SPAIN AND PORTUGAL IN THE TIME OF THE RENAISSANCE
What of Spanish style? Where, in what century, is there a school that can be called national? “ These questions occur in Carl Justi’s Introduction to the History of Spanish Art, and he thus answers them: "One might put forward certain prelates, grandees, magistrates, guilds as the friends of art in the past—of art that proved their taste to be uncritical and unprogressive—but they showed their enthusiasm rather as spectators than as artists, just as the Arabs were wont to take pleasure in the dance.” [For background information on Pesian, Arab and Islamic gardens, see Chapter 5]
Arab influence on Spanish gardens
These words are more true of the world of gardening than of any other. During the whole period when Spain was under the yoke of the Arab, she was so controlled by the manners and customs of his nation that the Oriental way of life was accepted everywhere as natural and inevitable: therefore gardens were open living-rooms, and in arrangement and ornament were extremely like rooms or halls of houses, which contained fountains and flowers as decoration.
And Moorish customs had struck such deep roots that for a long time after the struggle for power in Spain had ended in a victory for Christendom, the castles and pleasure houses of Spain's Catholic kings and their nobles were with very few exceptions much the same as the Moorish ones. It is true that historians endeavour to distinguish separately a style called Mudejar, made use of by Christianised Spain until the sixteenth century; but what we really find is that Arabian architects have discovered a way to combine their usual style of ornament with something from the Italian Renaissance, just as they had previously done in the case of Gothic structures. For the ground-plan of the house is Oriental-Arabian as it was before. The living-rooms are grouped around a central court to which a few side courts are attached by great towers, and on one side—occasionally on two—there is a garden adjoining. It is as much as possible shut in from the outside by portions of other buildings, by galleries, and by high walls—and this moreover at a time when in Italy the outdoor country house has succeeded in being entirely in the open.
The Alcazar in Seville is an excellent example (Fig. 282). When Peter the Cruel (1353—64) built his royal palace here, it was over the ruins of the old sultan’s castle, which covered a much greater area, and with its garden reached as far as the Guadalquivir, though now only one of the old fortresses remains, the so-called Golden Tower. The king employed Moorish workmen in rebuilding, and very probably he was able to utilise some of the Arabic remains, in any case as models. During the next five hundred years there was constant building and restoration going on about this old kernel in the centre; but never did the Moorish feeling for complete seclusion, and dislike of the open, disappear. The beautiful chief façade was regarded as a kind of façade to a court ; and this led to smaller spaces being grouped around the central one, which was called the Patio de las Doncellas (Fig. 283).
This is a paved court ; but there would be pots with plants in it just as there were in the courts of certain private houses, which are to be seen at the present day. There is no fountain in the Patio, but it may have been lost when Charles V.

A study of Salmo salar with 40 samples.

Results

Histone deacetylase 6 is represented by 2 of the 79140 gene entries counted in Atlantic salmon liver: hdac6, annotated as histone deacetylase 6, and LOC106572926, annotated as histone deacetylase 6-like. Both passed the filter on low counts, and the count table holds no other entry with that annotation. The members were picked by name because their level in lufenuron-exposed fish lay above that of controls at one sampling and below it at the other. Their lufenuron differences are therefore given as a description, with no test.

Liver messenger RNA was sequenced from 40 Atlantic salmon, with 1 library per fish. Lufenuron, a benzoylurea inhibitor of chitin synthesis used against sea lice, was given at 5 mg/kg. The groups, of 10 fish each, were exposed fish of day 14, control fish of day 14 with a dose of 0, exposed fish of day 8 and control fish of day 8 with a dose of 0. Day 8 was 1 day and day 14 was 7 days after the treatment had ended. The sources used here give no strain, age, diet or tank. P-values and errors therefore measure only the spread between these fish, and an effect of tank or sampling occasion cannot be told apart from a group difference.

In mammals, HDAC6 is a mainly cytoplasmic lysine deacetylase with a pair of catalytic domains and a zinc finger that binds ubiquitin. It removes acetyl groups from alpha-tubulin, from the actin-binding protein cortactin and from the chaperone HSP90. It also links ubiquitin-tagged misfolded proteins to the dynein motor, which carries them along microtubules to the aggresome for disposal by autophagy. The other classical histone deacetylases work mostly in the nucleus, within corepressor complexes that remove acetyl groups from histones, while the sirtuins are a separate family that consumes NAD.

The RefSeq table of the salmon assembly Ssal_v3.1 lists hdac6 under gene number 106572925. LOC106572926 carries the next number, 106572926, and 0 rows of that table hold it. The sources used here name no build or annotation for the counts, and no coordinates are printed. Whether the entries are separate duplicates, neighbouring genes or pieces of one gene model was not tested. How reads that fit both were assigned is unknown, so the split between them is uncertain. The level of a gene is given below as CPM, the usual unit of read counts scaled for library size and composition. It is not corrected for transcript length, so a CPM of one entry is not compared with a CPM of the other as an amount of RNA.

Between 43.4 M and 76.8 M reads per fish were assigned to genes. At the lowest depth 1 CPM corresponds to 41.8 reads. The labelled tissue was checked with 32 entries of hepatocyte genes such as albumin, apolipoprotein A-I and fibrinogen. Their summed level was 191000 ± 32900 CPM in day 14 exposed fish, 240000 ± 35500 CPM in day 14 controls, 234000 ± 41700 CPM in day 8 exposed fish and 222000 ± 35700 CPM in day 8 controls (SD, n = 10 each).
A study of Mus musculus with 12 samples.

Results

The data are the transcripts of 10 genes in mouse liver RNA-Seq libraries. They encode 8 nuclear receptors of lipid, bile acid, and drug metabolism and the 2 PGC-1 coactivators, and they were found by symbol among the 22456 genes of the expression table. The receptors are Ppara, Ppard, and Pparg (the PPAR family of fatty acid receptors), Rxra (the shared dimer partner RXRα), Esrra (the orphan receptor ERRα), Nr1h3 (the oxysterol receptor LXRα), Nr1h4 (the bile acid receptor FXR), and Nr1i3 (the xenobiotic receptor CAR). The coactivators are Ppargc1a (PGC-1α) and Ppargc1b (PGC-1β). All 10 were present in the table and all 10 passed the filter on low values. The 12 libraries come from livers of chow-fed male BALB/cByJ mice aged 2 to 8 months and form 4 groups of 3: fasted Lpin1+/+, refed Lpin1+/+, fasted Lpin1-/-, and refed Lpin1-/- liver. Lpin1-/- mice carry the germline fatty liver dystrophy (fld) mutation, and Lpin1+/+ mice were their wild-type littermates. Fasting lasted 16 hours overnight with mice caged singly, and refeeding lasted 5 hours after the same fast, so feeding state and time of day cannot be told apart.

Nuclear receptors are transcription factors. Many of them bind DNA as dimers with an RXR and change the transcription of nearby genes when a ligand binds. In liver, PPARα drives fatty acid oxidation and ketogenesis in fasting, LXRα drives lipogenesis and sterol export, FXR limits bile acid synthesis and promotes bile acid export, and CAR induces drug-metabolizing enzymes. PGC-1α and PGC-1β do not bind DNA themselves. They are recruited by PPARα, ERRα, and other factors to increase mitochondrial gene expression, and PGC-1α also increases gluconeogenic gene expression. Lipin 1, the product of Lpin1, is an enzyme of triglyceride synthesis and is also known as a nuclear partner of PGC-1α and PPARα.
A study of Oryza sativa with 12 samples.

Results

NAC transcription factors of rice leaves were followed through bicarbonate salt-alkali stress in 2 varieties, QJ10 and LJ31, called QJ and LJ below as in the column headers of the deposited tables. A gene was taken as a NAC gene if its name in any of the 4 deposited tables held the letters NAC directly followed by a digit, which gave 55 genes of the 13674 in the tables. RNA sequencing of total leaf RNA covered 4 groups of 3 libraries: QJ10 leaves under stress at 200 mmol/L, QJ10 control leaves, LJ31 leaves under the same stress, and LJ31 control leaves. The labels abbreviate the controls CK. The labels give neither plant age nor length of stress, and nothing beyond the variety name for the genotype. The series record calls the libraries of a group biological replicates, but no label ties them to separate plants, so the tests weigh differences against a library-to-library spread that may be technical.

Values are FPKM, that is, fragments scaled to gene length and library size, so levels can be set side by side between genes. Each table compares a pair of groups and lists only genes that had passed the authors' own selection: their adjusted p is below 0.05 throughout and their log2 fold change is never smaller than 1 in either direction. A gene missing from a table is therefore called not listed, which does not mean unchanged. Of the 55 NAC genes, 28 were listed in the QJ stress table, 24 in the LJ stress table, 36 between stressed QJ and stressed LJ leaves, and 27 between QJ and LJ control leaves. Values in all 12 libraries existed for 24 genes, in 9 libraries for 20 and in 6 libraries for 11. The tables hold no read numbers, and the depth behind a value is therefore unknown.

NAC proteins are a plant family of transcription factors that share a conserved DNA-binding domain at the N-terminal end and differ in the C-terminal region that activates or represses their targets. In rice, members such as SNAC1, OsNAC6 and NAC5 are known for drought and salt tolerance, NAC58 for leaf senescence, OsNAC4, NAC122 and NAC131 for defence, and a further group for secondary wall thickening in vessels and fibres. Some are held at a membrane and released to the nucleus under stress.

rebuilt the place. Other courts, such as the Jardins de la Maria Padilla (the beloved lady of Peter the Cruel) and the Patio de las Banderas, whose surroundings are certainly moderni were perhaps always planted with oranges and palms as they are now.
The flower-garden proper lies south-east of the buildings (Figs. 284 and 285). Don Pedro (Peter the Cruel) first made it, but its present style dates from Charles V. in the sixteenth century. Still the same thing is true of the garden as of the buildings, that in spite of changes and improvements made by later generations, the fundamental idea has never been obliterated which shows it to be a near relation of the gardens of the Alhambra and the Generalife. For these also complete seclusion was a sine qua non, and hence the high walls, which in Pedro’s time had galleries all round (Fig. 286).
Now they are adorned with grotto-work in the baroque style, beneath which is concealed old work of many kinds. The entrance was at the side, without any architectural connection with the house (A, Fig. 282), and into a sunk garden. From a large pond at the side (G) there was a way down to the baths of Maria Padilla, before which lay a small parterre, the great garden sinking to the west in several terraces. When Charles V. made a second entrance at the back, at the end of the middle walk, it was really a pavilion in Mudejar style (I), ornamented inside with Azulejos, which means blue tiles (Fig. 287). At the end of the eastern gallery is a garden-house (F, Fig. 282) leading to the fruit-garden (E). Beside the pavilion of Charles V. was another large reservoir (H) which was named after his mother Joanna, called the Crazy.
At the intersections of the tiled walks stand fountains with round seats about them, and in the same way as at the Generalife little spurts of water spring up from unseen pipes to sprinkle the unwary. The separate beds are laid out in geometrical figures and always bordered. A novelty which was probably unfamiliar to the Arabs, the labyrinth (K), was introduced by Charles. It was a very large one, and put on the lowest terrace so that it could be seen from above. In the second half of the sixteenth century the taste for the baroque had introduced all sorts of tiresome novelties, and dripping grottoes, and garden gates, but also had added many beautiful fountains, such as the Mercury fountain in the Jardin del Estanque. But each of these things was really a foreign element in the picture.